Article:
Swipe — not to be confused with software keyboard maker Swype — launches out of private Beta today with a cloud-based tool for creating and consuming slide deck-style presentations. So far, so Prezi, you might say. Or LinkedIn-owned SlideShare, and a number of other competitors.
But where the London startup claims to best existing offerings is not only with its device agnostic approach, the web app uses responsive design to make creation and consumption work across any modern browser, but with the ability to sync the playback of presentations in realtime to enable greater audience participation. The assumption being that, since audience members are too often glued to their laptops, tablets and smartphones anyway, it makes sense to provide an interactive second-screen experience.
And if the audience can be persuaded to follow along on their own devices it opens up the opportunity for Swipe to provide the presenter with audience participation analytics, including click-through rates on any call-to-action, such as a live poll or sign-up form, or when audience members stop following along entirely. From this data, the presenter could hone their presentation skills and slide deck to make it more engaging. In other words, Swipe could help to save us all from death by PowerPoint.
“Since we use a browser and every person has a unique connection, we can track engagement live, understand which part of a presentation is performing well and when the audience gets bored, goes to surf Facebook, or more,” says the company.
“There’s no tool out there to gauge the performance of a live presentation, since it’s all happening on a static projector. We’re working on the live analytics that help show engagement and help presenters become better at presenting.”
At launch, Swipe supports a range of file-types for creating your slide deck, including JPEG/PNG/RAW images, PDFs, Apple’s Keynote, and “Markdown”, the simple HTML alternative used by the likes of Squarespace, Ghost, GitHub, and Stack Overflow. In addition, online video from Vimeo and YouTube is supported. You can also connect Swipe to Dropbox for easy file synchronisation.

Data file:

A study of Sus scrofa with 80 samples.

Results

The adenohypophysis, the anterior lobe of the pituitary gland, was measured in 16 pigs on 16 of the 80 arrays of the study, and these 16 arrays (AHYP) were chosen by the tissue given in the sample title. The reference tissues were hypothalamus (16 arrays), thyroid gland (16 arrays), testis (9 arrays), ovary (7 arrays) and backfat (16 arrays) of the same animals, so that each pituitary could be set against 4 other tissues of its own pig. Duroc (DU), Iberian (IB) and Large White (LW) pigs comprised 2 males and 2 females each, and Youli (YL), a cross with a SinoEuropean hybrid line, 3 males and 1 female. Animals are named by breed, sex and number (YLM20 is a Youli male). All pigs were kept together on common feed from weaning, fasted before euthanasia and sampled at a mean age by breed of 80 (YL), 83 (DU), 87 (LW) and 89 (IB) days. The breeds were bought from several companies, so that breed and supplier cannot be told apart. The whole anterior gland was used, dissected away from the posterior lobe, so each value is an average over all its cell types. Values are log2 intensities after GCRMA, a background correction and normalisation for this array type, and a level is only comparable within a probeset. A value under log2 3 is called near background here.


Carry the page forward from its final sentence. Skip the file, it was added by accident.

Notably, however, support for PowerPoint itself is currently missing in action, though I’m told this is being addressed.
Once you’ve assembled your presentation, you’re provided with a unique URL to share the resulting content, which can be kept private or made public for wider distribution. However, the fun really starts when delivering your presentation.
You can present and control your slides live from any compatible device with a network connection, and as you “swipe” through your slides, everyone else who is viewing the same URL on their own device are able to see and interact with the deck in realtime. Well, as long as the conference or meeting WiFi isn’t flakey. But that’s a whole different story.
Swipe is backed by London VC Passion Capital. It’s not the only startup working on a second-screen offering for live presentations. The yet-to-launch Slide.li is a potential competitor, and Presentain and Liveprezo are others.